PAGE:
174 pages | 13 B/W Illus.
This book examines and compares the diverging security approaches of the UK, China and India in peacebuilding settings, with a specific focus on the case of Nepal.
Rising powers such as China and India dissent from traditional templates of peacebuilding and apply their own methods to respond to security issues. This book fills a gap in the literature by examining how emerging actors (China and India) engage with security and development and how their approaches differ from those of a traditional actor (the UK).
In the light of democratic peace and regional security complex theories, the book interprets interview data to compare and contrast the engagement of these three actors with post-war Nepal, and the implications for security sector governance and peacebuilding. It contends that the UK helped to peacefully manage transition but that the institutional changes were merely ceremonial. China and India, by contrast, were more effective in advancing mutual security agendas through elite-level interactions. However, the ‘hardware’ of security, for example material and infrastructure support, gained more consideration than the ‘software’ of security, such as meritocratic governance and institution building.
This book will be of much interest to students of peacebuilding, development studies, Asian politics, security studies and International Relations in general.
Concept and Practices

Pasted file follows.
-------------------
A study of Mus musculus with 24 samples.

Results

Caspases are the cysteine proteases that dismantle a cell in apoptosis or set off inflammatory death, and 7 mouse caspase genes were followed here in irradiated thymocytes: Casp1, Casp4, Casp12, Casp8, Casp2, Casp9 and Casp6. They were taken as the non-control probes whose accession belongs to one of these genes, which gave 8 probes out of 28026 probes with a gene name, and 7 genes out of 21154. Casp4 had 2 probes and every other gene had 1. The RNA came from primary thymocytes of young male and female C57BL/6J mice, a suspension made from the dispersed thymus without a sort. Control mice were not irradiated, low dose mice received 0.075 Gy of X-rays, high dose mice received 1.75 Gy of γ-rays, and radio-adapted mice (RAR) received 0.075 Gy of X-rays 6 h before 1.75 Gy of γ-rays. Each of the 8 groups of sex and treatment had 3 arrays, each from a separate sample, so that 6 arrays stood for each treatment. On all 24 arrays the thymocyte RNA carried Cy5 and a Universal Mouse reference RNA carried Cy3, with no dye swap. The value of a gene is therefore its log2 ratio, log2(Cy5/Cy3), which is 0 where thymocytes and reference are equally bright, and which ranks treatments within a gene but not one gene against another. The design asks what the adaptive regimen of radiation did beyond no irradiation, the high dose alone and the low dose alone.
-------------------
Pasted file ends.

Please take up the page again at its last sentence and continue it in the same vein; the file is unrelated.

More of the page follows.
2. Traditional Approach to Peacebuilding: Politics of Security Reform and Peace Infrastructures
3. Emerging Actors and Contestations in Security and Development
4. Tick-box Peacebuilding? UK support to reforming security sector in Nepal
5. Understanding the Indian Approach: Delhi's Engagement with Nepal
6. Deciphering the Chinese Approach: Beijing's Engagement with Nepal
Discussions and Conclusions
7. Contrasting the Engagement of China, India and the UK with Nepal
8. Synthesis and Conclusions
Designed to meet the needs of researchers, teachers and policy makers in this area, this series publishes books of new, innovative research in to the connections between conflict, security and development processes. The series encourages a multidisciplinary approach to the links between these thematic issues, including the nature of conflict itself and the underlying conflict drivers, the underlying characteristics and drivers of insecurity, and the effects and use of development strategies in post-conflict environments and how that relates to broader peacebuilding strategies.